The superfluous, a very necessary thing. --voltaire
Intrepid adventurers, experienced, seasoned, weary from explorations in the sultry depths of the Amazon jungles and atop the rarefied heights of the ancient Mayan ruins of Machu Picchu, six American travelers were finally heading for home. They were happy, satisfied, brimming with tales to tell kith and kin upon their return. It was a good trip.
I was among that cadre as we checked into our hotel in Lima on the last day we would be spending in Peru before flying back home to Omaha that evening. It was all but over. We had braved danger together, excitement, the unknown. Ours was a once in a lifetime experience of the exotic kind. Now there was nothing left of it but to rest for a while, board a plane and show up back home.
We gathered in the lobby, clustered together with our bags, our fearless leader hovering. We were getting good at working together as a single unit. Now we needed to move up the elevator to the third floor where two rooms and hot showers awaited us. One of us pulled open the hinged metal door of an unusual elevator. As the exterior door swung outward, a more typical inside door slid away sideways. We moved our bags and ourselves inside the elevator, until we were tucked away inside, comfortably snug.
The elevator door closed and the number three button was pushed. The elevator began its upward ascent. There was no thought in anyone's mind that this journey would be anything but a short one. However, that was not the case. Shortly before arriving at the third floor, there was a strange sound, a gentle shudder and the elevator came to a standstill. We were stuck between floors.
There was an odd moment of silence, an imperceptible instant of corporate disbelief, followed by realization. Then, of coarse, someone stated the obvious. "The elevator stopped." What followed then was a flurry of activity. This group is nothing if it is not industrious and innovative. Unfortunately, no one had any actual being-stuck-on-an-elevator experience. Nonetheless, there were all kinds of ideas and suggestions on what should be done.
We ruled out climbing through the hole in the ceiling. Likewise, jumping up and down to lighten the load was too screwy and too scary. The best idea was to press the button that made a distant bell ring. So, that is what we did. We could hear it ringing off somewhere in the distance, so we kept pushing it.
We were not quite sure what the best button pushing method was to use in a situation like this. Should we hold the button down continuously, do Morse code or do a kind of irregular pattern? We tried all of the methods. We pushed it for what seemed like a long time before we got any kind of a response at all. You would think that they would eventually miss their elevator and go looking for it.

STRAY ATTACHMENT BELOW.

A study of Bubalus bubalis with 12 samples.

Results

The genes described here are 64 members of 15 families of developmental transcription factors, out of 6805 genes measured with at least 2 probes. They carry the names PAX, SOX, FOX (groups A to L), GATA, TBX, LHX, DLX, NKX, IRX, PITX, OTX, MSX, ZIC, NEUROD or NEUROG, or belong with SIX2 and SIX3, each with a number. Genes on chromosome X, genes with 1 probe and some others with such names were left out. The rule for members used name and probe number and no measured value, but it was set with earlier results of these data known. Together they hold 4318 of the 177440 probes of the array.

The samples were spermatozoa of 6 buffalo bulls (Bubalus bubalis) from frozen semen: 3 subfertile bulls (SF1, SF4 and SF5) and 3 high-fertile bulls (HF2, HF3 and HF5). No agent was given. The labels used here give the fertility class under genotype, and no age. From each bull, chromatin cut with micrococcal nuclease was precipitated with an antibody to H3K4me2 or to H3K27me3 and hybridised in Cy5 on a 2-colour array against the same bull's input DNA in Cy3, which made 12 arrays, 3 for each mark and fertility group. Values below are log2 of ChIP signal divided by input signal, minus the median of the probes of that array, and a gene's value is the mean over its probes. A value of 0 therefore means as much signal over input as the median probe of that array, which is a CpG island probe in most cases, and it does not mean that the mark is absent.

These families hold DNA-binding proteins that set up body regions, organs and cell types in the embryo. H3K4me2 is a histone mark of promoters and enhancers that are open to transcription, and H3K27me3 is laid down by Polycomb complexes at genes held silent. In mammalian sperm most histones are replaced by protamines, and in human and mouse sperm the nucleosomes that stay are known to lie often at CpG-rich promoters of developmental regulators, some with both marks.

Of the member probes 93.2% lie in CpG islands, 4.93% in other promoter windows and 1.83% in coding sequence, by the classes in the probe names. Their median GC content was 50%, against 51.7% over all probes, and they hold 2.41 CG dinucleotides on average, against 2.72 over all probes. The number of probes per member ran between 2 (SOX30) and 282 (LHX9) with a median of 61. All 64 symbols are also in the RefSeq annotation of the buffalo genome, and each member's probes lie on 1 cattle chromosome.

In time, they did find us. We had a window in the door, something else that was a bit odd about this elevator. I was standing near the front of the elevator, pushing the button with a kind of irregular pattern, when I started to hear a commotion below us. Looking down through the window, I could see a human face peering back up at me from the floor below. Ah, good, I thought, the rescue has begun. Now we can all relax, help is on the way.
Spirits seem high, everyone was still in a good mood. They were kind of looking at this as a new experience and that is a good attitude to take. What a great bunch to be stuck on an elevator with, what sports. The commotion below us continues. There is lots of Spanish talking. They must be trying to decide what to do. That is when the lights go out.
It is now pitch black inside the elevator. It is now silent in the crowded little elevator. I offer a little joke. "It sure is a good thing that none of us has claustrophobia." There is dead silence. Then a little voice answers back. "I'll talk with you about that when this is over Dr. David." We start to speculate as to what might be going on when the elevator moves! Not much, just and inch, but it did move down one inch. We were all generally very encouraged by this progress.
There seemed to be a big pause, then we dropped another inch! Then another and another. We were stuttering and jerking our way down excruciating slow, as if someone was cranking us down by hand. Yes, soon, we could see an opening. There it was! The second floor was coming into view and, yes, we can see people there!
An inch at a time and the floor of the elevator finally came down level with the opening of the second floor. We started to grab our luggage and prepared to exit when the elevator did not stop, it kept dropping! The people on the outside said, "Hurry, you must get off, quickly!"
No one needed to be told twice. That elevator was evacuated posthaste. As I turned to look back, I noticed that it continued to drop down. Now that is just strange. I then turned to greet our rescuers. We were grateful indeed, joyful smiles all around.
There was the hotel staff, the manager, and then there was this older gentleman. He was obviously the one in charge. He seemed to be directing the rescue operation. I was thinking that he must be the engineer, the operations person or maybe even the guy from the elevator company, I don't know.
What a relief, we were all cheerfully saying thank-you to them all, when this older guy, he says, "A story to tell," and he walks down stairs and is gone. That's all he said, "A story to tell." I busted out laughing. "A story to tell? Yeah, it sure was that!" I expected an explanation as to what happened, what went wrong, or an apology, but no, just a statement of fact. "A story to tell." No harm, no foul, I guess. What a hoot.
So, we finished our grand exotic adventure stuck in an elevator. And that left us with "a story to tell." Priceless.